The specter of unfunded pension liabilities haunts many of our major cities and a large number of public companies. This is especially true in the city of Chicago as public unions continue to threaten to strike over benefits and unfunded pension liabilities. We discussed Roger Lowenstein’s book about this topic at a well-attended CFA Society Chicago Book Club meeting held in April. The book attempts to answer why the private pension system as conceived in the United States has failed.
Mr. Lowenstein divides his book into three parts. Each part addresses the pension crisis from the perspective of; a public company (General Motors), public service workers in New York, and the public service worker pension plan for the city of San Diego.
Part One: Who Owns General Motors?
The question asks whether it is the shareholders or workers who own a publicly traded company. GM was one of the most successful companies in the world, however due to labor union gains at the bargaining table, its future cash flow would not accrue to its shareholders, but rather to its pension obligations.
This part of the book revolves around Walter Reuther and the UAW. Mr. Reuther became the visionary leader of the UAW in the 1930’s. In 1950 Mr. Reuther crafted what Fortune Magazine dubbed the “Treaty of Detroit”. It was a 5-year agreement which committed GM to guarantee a pension, wage increases with a cost of living formula and hospital and medical insurance at half cost. It was the inability to fund these ever-growing commitments which eventually led to the downfall of GM.
Part Two: The Public Freight
Pension plans for city workers help to guarantee a stable work force; a highly desirable trait for teachers, firemen and transportation workers. Reliable bus and train service is critical for the economy of a city. The second part of the book examines the history of wages and pensions for the public workers of New York City.
The most effective union leader was Michael Quill, an Irish immigrant who was a member of the IRA and fought in the rebellion against the British. In the 1930’s, the Transit Workers Union (“TWU”) was led by a coalition of Communists and former IRA activists. In 1937, Mr. Quill became President of the TWU. A 13-day strike in 1965 permanently changed the dynamic between the unions and the city. New Yorkers endured the worst traffic-jams in its history during this strike. The state government reacted by passing stricter laws prohibiting strikes by public workers. These laws were ignored as union leaders happily went to jail. The citizens of any municipality are captive customers and are unable to shop elsewhere for subway service or police protection.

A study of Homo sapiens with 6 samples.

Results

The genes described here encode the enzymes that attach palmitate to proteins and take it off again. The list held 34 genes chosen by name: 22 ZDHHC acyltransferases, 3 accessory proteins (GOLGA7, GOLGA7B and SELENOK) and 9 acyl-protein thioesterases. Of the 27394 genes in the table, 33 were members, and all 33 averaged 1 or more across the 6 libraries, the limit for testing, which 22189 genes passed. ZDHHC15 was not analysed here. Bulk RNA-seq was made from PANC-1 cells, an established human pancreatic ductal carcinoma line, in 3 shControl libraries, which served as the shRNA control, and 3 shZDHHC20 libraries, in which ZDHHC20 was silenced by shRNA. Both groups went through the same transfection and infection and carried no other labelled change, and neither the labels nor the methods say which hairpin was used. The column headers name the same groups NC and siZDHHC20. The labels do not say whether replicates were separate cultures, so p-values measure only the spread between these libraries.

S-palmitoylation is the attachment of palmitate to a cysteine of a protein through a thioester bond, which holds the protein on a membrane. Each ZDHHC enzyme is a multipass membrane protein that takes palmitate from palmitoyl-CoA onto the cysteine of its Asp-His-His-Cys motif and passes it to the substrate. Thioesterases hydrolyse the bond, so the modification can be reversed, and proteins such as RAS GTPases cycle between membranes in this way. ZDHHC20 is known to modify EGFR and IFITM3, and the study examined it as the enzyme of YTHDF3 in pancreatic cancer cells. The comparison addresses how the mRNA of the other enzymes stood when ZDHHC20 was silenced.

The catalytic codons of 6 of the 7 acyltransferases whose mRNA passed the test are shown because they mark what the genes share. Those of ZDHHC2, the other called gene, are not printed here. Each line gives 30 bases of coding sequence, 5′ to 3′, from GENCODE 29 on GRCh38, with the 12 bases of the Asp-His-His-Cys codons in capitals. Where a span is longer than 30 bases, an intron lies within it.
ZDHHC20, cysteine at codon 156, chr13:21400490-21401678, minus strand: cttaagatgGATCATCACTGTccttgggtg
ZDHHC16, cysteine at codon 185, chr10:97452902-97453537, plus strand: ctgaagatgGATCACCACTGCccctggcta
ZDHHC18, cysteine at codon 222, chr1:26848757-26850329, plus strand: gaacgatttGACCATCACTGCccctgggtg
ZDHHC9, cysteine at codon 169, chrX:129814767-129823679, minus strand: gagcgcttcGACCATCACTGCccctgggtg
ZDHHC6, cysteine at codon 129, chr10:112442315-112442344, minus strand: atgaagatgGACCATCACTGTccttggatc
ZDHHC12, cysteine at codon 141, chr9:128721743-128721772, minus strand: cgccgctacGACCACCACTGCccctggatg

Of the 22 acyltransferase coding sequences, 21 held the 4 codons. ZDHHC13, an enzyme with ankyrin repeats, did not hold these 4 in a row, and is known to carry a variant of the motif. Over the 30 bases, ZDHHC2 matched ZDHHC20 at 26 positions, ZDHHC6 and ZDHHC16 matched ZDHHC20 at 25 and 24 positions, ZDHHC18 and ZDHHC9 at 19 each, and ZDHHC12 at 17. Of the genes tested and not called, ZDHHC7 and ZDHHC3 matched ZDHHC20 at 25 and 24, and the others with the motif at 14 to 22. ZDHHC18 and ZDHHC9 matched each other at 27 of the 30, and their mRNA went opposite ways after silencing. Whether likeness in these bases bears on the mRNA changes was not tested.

Part Three: Debacle in San Diego
The risk that the government will put the expense of a pension plan onto future generations is illustrated by the city of San Diego. By the summer of 2005, the municipal pension fund in San Diego, the San Diego City Employees Retirement System (“SDCERS”) was underfunded by $1.7 billion. How it got that way is addressed in the third part of this book.
In 2005 the national press referred to San Diego as “Enron-by-the-Sea”. The cause of the underfunding was the extreme reluctance of local politicians to raise money by increasing taxes. The political climate in the city was very conservative with a mistrust of any tax. The city covered its cash shortfalls by continuing to avoid making the required pension contributions.
Labor unions in the city began to contribute heavily to political campaigns; this was more effective in San Diego which had a weak form of city government where a relatively small amount of votes could sway elections. In the end, public employee unions had political clout on par with business interests. City managers became more adept at structuring solutions which circumvented state laws regarding the required funding of SDCERS.
Conclusion: The Way Out?
The author has a few suggestions as to how to mitigate some of the risks endemic to these pension and health care schemes. However, most participants at the Book Club thought they were rather weak. The author is of the opinion that the 401K is not an adequate substitution for a pension and advocates a “national” 401K offering matching credits to lower wage earners. He also suggests that 401K providers be required to offer an annuity as a default option. The author ends the book with a plea to strengthen social security by raising taxes, an unpopular but perhaps necessary measure.